The state of affairs in Kyrgyzstan remains volatile. President Kurmanbek Bakiyev who fled Bishkek and interim government with its leader Roza Otunbayeva cannot find common ground. Dmitry Medvedev who is currently in Washington addressed the alarming situation.
The Russian President said that there is a serious risk of Kyrgyzstan splitting into North and South. It is very important to prevent a civil war in the country because terrorists and extremists will most likely take advantage of it. He said that Kyrgyzstan risks becoming a “second Afghanistan,” and Russia needs to help the country out of the stand-off between the new and old governments.
"Kyrgyzstan is once again going through the stage of illegitimate development and, unfortunately, Kyrgyzstan’s authorities who did not make efforts to consolidate the society, negotiate with the opposition, and conduct economic deals, are responsible for it,” Russian President stated. He reminded that five years ago Askar Akaev, the President at the time, was also “removed by the opposition.”
Contradictory information keeps coming from Bishkek. The interim government allegedly started negotiations with Bakiyev about voluntary abdication of president’s authority. To “speed up the process” the interim government issued a decree that removes Bakiyev’s immunity.
The President was given 24 hours to return to the capital, otherwise he would be arrested. The interim government's deputy head Azimbek Beknazarov, former prosecutor, had said earlier that if Mr. Bakiyev did not give himself up, the authorities would launch an operation to detain him with the help of the special services. The 24 hours have elapsed, but there is no information about attempts to arrest the President.
According to some information, he was ready to resign, but only if his and his family’s security was guaranteed. Bakiyev did not say that directly, but stated he was not going back to Bishkek. He invited the leaders of the interim government for negotiations in the city of Jalal Abad, where he spoke to his supporters earlier.
But chief of staff for the interim government, Edil Baisalov, rejected the invitation to negotiate. “There is nothing to negotiate about,” he stated, calling the President a “bloody dictator.” He thinks that the President has no control over the situation in the country. “At the moment he is only a President of his home village,” he said.
The members of the Ak Zhol party who used to be loyal to Bakiyev have virtually betrayed him when they suggested that the interim government should deal with the vacuum of power. Namely, the parliament can impeach the President, and then Bakiyev will no longer be entitled to name himself the President.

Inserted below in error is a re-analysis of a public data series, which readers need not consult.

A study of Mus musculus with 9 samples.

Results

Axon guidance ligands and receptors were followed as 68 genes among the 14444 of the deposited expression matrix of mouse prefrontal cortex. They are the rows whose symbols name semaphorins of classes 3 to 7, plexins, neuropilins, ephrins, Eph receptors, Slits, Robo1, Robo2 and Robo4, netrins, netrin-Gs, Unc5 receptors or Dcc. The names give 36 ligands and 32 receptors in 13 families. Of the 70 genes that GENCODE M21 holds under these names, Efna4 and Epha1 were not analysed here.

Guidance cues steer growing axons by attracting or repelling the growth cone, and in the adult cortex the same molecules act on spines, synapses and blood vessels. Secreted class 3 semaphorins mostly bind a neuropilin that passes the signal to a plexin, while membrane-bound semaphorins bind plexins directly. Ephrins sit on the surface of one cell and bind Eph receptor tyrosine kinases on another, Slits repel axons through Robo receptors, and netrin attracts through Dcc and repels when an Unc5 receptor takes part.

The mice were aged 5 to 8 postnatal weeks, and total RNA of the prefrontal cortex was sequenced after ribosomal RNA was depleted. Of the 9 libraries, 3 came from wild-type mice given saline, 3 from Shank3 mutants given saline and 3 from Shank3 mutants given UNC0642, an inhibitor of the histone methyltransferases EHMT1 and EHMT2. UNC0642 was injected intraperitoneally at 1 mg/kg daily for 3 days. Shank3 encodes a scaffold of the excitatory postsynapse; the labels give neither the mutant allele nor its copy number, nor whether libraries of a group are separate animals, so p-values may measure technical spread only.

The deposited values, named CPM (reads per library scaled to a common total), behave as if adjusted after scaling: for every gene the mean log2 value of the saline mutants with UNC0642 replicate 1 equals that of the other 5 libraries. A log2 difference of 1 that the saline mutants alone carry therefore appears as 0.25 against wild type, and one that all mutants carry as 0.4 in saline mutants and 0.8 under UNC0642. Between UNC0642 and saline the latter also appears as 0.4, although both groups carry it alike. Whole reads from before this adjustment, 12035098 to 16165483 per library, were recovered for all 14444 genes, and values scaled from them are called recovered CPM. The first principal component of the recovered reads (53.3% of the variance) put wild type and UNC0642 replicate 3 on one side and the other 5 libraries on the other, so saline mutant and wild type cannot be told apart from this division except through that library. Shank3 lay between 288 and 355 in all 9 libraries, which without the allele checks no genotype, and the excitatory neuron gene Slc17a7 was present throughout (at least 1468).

The President had no reaction to this behavior of his supporters. Yet, visiting Jalal Abad, he explained his position: “I have been saying for four days that I am ready to meet them (the interim government). But there was not a single message from Roza Otunbayeva.”
“The new government cannot guarantee my safety, therefore I see no point in returning to Bishkek,” he added. Answering the question about his intentions to ask for asylum, he said: “I am not considering this issue.”
There is a rally of the President’s supporters on the central square of Jalal Abad, chanting “Bakiyev is our President!” Supporters of the interim government also rally on the square. A conflict may arise any moment.
U.S. Assistant Secretary of State Robert Blake arrived to Kyrgyzstan yesterday to discuss the situation with representatives of the interim government and the future of the American air base located there. According to the latest information, the interim government does not intend to shut it down.
Meanwhile, experts are discussing various ways the situation could develop. First option is Bakiyev’s arrest. In this event the President will be charged for deaths of over 80 people. It is not ruled out that he will be sentenced to capital punishment rather than life sentence.
The second option – Bakiyev leaves the country, which is hardly likely. Russia, the US, China or EU did not express their willingness to accept the President. Finally, the third, most horrifying, option – a civil war between north and south. As a result, Bakiyev, who represents south, can be physically eliminated.
It is a gloomy prediction. If the situation is not resolved in the near future, Kyrgyzstan may turn into another hot spot of the post-Soviet space, the “second Afghanistan” the Russian President talked about.